Here we are with another batch of pit bull events and attacks. We will look at these in no particular order, for as long as my patience lasts. I'm sorry the first post here is so old, I can't keep up.
A woman heard her children screaming IN HER HOME. She investigated and found that a pit bull had entered the home, attacked the family cat. The pit bull carried the cat outside and dropped it on the sidewalk, where it died.
Inadvertently gotten free? That's pretty much like "somehow" got loose. Classic pit bull owner excuse. The pit bull owner apparently never noticed that the thing was loose until the Fairfield County Dog Warden arrived to investigate. If a Pug "inadvertently got loose" the cat would still be sleeping on the couch.
Thanks to the blogger at Four legged Friends and Enemies!
Picture the scene as described by WCPO Cincinnati News.
"Butler County authorities said Tuesday that a pair of pit bulls led them on a long, dangerous chase after attacking and killing another dog that morning.
Kurt Merbs, Butler County’s dog warden supervisor, got the call around 9 a.m. When he arrived at the scene, Hamilton police officers were already chasing the pit bulls through several neighborhoods. At one point, the two dogs charged at them.
"They were going through yards, jumping fences and we had to divert several people riding bikes, walking to get them off the streets because these dogs were not friendly to people or animals," Merbs said.
He said the attack happened while a man was walking a Shetland Sheepdog named Princess for his elderly neighbor, Doris Oleson." "These dogs came out of nowhere, and he didn’t have a chance," Merbs said."
Princess died. Police cornered the two pit bulls later in the chase but the owner pulled up in her car and the things jumped right in. The owner, Haley Suffridge, was cited for allowing the pit bulls to run at large, and for not licensing them. As is frequently noted after a violent attack, shock was expressed by Suffridge's boyfriend that these fine and upstanding pit bulls had attacked another animal (and killed it). He told reporters "I've had little kids come over and play all the time with them."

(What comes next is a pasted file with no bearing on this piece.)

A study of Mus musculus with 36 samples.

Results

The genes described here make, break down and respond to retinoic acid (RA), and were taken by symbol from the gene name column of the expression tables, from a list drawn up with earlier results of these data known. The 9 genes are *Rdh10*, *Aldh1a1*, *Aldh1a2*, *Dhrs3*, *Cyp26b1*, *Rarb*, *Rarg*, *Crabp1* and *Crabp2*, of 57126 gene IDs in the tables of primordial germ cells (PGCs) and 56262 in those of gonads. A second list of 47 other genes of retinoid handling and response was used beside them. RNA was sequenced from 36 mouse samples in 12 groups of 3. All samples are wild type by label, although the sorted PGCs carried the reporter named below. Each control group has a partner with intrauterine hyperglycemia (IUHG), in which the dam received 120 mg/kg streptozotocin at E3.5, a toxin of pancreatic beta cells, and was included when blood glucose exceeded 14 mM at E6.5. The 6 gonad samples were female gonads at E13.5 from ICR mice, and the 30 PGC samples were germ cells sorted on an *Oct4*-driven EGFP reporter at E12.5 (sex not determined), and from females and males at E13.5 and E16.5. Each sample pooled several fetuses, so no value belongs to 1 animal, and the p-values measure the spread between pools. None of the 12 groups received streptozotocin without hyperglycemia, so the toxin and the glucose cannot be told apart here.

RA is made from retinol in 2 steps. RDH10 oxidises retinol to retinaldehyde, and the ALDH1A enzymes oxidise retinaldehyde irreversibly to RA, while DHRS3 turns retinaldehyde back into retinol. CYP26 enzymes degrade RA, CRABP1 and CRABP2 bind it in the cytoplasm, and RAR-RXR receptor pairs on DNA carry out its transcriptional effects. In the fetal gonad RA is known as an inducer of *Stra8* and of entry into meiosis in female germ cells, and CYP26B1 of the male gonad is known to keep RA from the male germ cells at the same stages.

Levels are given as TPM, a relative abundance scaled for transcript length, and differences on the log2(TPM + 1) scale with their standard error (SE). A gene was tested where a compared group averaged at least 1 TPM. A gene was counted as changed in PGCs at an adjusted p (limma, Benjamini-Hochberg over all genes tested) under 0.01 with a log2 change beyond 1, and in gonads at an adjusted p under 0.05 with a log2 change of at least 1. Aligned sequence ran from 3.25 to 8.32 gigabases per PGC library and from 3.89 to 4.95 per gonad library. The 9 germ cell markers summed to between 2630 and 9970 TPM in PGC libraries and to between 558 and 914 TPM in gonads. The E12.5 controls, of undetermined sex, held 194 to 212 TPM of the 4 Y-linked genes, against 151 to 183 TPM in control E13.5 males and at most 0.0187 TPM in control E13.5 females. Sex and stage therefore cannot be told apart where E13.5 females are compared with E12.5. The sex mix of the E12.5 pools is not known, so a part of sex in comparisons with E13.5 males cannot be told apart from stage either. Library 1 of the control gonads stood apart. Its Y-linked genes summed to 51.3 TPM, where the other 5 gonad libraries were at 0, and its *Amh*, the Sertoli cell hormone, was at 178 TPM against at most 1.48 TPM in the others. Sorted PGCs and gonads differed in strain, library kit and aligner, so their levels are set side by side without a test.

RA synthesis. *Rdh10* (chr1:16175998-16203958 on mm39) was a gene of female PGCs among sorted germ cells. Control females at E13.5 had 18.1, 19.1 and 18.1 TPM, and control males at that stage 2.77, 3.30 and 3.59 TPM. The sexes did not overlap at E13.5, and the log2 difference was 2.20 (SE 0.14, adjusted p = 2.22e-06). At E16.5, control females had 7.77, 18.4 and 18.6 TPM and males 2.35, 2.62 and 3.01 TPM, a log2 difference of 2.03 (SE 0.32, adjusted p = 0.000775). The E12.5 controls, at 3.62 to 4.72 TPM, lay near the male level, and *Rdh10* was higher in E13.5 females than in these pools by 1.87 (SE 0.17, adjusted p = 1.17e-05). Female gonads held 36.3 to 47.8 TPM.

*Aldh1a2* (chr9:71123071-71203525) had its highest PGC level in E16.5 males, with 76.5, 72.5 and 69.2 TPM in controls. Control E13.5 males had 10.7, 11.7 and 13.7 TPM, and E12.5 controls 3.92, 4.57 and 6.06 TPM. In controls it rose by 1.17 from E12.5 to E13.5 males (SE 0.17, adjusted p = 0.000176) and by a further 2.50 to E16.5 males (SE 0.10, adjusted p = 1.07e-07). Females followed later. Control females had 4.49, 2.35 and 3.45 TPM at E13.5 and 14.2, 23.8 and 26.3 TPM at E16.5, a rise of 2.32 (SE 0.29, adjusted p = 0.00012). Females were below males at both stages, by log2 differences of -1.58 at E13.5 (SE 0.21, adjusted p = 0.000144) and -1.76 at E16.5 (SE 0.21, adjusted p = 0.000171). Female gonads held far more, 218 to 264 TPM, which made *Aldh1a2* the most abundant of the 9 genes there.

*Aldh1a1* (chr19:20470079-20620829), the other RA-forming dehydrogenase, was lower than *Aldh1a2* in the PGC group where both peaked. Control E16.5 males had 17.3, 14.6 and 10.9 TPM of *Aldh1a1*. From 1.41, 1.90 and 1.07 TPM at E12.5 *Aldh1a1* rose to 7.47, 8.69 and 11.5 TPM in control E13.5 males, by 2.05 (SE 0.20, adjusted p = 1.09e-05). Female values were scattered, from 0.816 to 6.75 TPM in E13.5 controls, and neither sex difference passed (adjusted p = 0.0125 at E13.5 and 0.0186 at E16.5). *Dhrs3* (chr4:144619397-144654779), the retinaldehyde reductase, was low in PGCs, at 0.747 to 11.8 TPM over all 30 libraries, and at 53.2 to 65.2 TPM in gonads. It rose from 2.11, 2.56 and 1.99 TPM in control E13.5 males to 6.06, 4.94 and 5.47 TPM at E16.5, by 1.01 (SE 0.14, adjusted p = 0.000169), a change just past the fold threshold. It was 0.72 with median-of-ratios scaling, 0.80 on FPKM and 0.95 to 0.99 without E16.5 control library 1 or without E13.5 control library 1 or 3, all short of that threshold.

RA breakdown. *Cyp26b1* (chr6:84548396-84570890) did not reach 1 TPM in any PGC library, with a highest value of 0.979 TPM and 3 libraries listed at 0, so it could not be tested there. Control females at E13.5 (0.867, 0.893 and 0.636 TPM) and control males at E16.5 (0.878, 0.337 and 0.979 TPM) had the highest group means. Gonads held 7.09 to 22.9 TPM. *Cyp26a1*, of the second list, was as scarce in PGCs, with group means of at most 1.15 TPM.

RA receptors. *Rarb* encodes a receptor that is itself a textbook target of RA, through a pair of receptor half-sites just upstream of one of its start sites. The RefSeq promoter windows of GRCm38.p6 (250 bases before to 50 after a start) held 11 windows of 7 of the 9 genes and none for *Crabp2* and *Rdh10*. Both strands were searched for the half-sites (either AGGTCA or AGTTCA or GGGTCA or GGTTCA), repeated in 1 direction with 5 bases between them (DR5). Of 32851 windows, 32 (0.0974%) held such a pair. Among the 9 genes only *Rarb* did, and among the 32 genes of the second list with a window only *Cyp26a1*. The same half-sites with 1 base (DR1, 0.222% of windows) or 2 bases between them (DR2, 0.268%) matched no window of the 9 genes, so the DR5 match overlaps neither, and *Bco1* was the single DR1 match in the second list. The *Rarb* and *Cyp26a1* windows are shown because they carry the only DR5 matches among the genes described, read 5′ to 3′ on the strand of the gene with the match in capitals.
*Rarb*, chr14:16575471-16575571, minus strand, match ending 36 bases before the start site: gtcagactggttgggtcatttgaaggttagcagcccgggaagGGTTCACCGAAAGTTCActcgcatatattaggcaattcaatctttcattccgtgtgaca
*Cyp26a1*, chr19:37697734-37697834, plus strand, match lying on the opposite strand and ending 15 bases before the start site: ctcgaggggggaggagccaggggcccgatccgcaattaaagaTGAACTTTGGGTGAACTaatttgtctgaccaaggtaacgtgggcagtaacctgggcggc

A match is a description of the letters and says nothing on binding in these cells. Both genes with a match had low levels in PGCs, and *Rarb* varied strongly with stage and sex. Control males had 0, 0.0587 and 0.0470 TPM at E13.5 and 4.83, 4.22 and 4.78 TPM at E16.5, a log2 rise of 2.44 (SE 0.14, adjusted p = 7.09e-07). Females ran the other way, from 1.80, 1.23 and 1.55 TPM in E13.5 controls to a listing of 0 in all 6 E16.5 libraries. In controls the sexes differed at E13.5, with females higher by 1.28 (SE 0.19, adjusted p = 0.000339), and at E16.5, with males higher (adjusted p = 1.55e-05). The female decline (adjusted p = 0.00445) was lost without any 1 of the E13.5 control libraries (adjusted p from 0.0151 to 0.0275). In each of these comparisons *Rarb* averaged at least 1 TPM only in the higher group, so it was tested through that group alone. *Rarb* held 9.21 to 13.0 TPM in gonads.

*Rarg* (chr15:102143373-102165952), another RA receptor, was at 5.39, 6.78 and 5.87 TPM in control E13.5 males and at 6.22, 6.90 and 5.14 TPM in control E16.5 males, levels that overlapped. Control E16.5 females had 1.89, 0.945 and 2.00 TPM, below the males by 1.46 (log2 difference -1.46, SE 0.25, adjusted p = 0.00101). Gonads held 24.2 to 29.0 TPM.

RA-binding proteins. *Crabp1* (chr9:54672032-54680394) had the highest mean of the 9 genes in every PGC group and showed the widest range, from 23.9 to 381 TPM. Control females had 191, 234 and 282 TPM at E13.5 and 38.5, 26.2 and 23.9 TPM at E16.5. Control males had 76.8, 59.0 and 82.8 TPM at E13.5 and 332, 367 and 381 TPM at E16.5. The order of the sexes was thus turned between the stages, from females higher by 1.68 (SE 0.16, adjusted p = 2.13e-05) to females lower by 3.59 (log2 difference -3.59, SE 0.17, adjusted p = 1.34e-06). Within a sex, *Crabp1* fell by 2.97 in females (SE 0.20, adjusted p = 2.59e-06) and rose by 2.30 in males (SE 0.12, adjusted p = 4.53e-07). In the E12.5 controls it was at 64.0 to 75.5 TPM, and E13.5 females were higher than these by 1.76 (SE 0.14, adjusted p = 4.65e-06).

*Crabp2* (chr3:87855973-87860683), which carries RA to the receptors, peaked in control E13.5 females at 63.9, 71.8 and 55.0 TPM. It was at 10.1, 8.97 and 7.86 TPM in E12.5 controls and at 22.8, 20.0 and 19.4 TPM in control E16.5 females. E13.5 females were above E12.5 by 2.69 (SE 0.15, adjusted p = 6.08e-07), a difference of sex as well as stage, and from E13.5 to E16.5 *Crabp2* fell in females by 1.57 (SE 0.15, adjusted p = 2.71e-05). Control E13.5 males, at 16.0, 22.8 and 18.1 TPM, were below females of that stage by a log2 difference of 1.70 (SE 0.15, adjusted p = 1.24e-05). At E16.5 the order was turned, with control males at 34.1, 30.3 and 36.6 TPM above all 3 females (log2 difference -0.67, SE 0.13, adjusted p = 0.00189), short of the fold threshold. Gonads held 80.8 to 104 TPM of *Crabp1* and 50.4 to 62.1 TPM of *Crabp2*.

Suffridge and her boyfriend Rodric Pearson will be allowed to keep them if they are neutered and micro-chipped, kept in a fenced area with dangerous dogs signs and registered as dangerous dogs. Whoop. Will they be required to purchase insurance? Ohio law requires the owners of dangerous dogs to have insurance and after a public attack like this, that insurance will be expensive. Possibly expensive enough that Suffridge and Pearson will have second thoughts on keeping these maulers. One of the killer pit bulls.
Mr. Pearson asked to speak to Mrs. Oleson in order to apologize but she stated that she needed time to grieve over the death of her beloved pet. "We have no children, so she was our child." "I just hurt so bad. Even though she looked terrible (after the attack), I'm glad I could at least say goodbye." Click here for the WCPO coverage of this attack. Both the Sheltie owner and the pit bull owner were interviewed. * * *
Middletown Ohio BUTLER County
This is the story of a pit bull attack on a pit bull. Spoiler Alert - both pit bulls die.
Pit bull owner Mollie Watkins called the police to report that her neighbor, Gregory Orona, kicked in her door and killed her dog. When police arrived they found Watkins' home undamaged. They got a very different story from Mr. Orona.
Watkins and Orona agreed that if she would pay the vet bills for the swelling in Scout's neck he would not press charges for her pit bull running at large. It is not a surprise that when Scout's vet bill arrived Ms. Watkins did not pay it. Shortly after a follow-up visit to the vet Scout died. Mr. Orona stated "Words can go a long ways. For the lady to come over and say 'I'm sorry' would have made a tremendous difference." Watkins did not respond to a request for comment by WCPO. She has been charged with a first offense dangerous dog at large, a misdemeanor, and was to appear in Middletown Municipal Court on October 6th.
The swelling on Scout's neck is clearly shown in this photograph.
Mr. Orona did not get his apology, nor did he get his vet bill paid. Both dogs are dead. The physical evidence supports Mr. Orona's account. He has stated that he is sorry Watkins dog died but his actions were reasonable, he was protecting his own dog in his own yard.
Consider, if you will, this story told with a slightly different cast of characters. Watkins owns, say, a Pomeranian. Mr. Orona owns a Beagle. Watkins behavior is still irresponsible but nobody dies, the conflict between these neighbors becomes one of a tiny dog at large leaving tiny piles of dog poop in the neighbor's yard. Watkins phone call to police becomes, at worst, "I answered a knock on my door and found a tiny flaming bag of tiny dog poop."